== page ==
Note: This book is still fairly new. If you find errors, please let me know.
In this book we will implement a simple static blog generator in Haskell, converting documents written in our own custom markup language to HTML.
- Implement a tiny HTML printer library
- Define and parse our custom markup language
- Read files and glue things together
- Add command line arguments parsing
In each chapter of the book we will focus on a particular task we wish to achieve, and through the chapter we'll learn just enough Haskell to complete the task.
There are many Haskell tutorials, guides and books out there. Why read this one?
There are probably more, but here are a few possible pros:
- It's relatively short - most Haskell books out there are hundreds of pages long. This book (when exported to PDF) is roughly 150 pages long.
- It's project oriented. Many Haskell books teach Haskell by teaching the underlying concepts and features in a neat progression. In this book we try to build a program, and learn Haskell on the way. This will be a pro to some, and a con to others. There are other tutorials like this. The most notable ones are Beginning Haskell and Haskell via Sokoban.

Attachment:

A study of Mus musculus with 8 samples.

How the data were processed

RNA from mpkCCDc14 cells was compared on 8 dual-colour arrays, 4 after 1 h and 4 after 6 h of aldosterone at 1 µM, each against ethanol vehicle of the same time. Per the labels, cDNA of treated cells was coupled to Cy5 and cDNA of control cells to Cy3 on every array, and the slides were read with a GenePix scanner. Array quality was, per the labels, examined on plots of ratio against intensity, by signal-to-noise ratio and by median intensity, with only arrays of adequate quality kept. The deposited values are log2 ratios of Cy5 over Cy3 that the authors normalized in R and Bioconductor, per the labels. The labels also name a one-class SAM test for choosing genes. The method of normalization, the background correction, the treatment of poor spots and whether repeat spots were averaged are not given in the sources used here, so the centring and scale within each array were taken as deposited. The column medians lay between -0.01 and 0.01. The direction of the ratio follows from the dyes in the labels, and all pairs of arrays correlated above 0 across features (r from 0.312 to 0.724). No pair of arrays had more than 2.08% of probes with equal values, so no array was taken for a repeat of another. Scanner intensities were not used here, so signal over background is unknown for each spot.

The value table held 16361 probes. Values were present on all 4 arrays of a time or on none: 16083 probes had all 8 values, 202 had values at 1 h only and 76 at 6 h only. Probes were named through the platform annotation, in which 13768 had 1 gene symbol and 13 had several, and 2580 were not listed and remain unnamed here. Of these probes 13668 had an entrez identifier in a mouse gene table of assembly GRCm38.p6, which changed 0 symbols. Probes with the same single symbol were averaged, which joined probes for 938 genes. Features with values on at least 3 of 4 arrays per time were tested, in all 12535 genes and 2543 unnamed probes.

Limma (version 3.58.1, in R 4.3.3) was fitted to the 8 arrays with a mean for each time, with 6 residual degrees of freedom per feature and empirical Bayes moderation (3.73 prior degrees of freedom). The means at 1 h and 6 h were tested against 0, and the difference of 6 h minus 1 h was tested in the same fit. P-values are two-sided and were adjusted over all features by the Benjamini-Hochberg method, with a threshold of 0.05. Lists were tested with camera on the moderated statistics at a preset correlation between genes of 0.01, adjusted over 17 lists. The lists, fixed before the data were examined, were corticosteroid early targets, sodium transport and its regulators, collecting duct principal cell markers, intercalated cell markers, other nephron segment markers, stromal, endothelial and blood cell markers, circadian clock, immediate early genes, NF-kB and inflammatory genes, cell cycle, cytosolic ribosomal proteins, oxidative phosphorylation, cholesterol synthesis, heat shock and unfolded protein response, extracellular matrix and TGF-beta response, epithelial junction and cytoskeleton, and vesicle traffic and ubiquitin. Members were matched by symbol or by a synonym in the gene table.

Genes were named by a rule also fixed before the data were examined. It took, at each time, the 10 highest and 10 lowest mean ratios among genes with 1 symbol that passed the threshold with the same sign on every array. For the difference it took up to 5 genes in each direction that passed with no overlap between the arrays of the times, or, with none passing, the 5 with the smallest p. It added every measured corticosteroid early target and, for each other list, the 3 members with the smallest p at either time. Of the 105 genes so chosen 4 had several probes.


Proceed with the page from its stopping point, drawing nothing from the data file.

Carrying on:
- It's online, which means corrections are easy to make.
- It's free.
There are probably more, but here are a few possible cons:
- It may lack depth - many, much longer Haskell tutorials are long because they go deeper into the nuts and bolts of each feature.
- It may not cover as many features or techniques as other tutorials - we try to cover features as they pop up in our implementation, but we will probably miss features that aren't as important for our tasks, while other resources may try to cover many different use cases.
- It is very new and not "battle-tested". Who knows if this is a good approach to learning Haskell? Maybe you could help with that!
- It doesn't have a technical editor, making the book not as good as it could've been.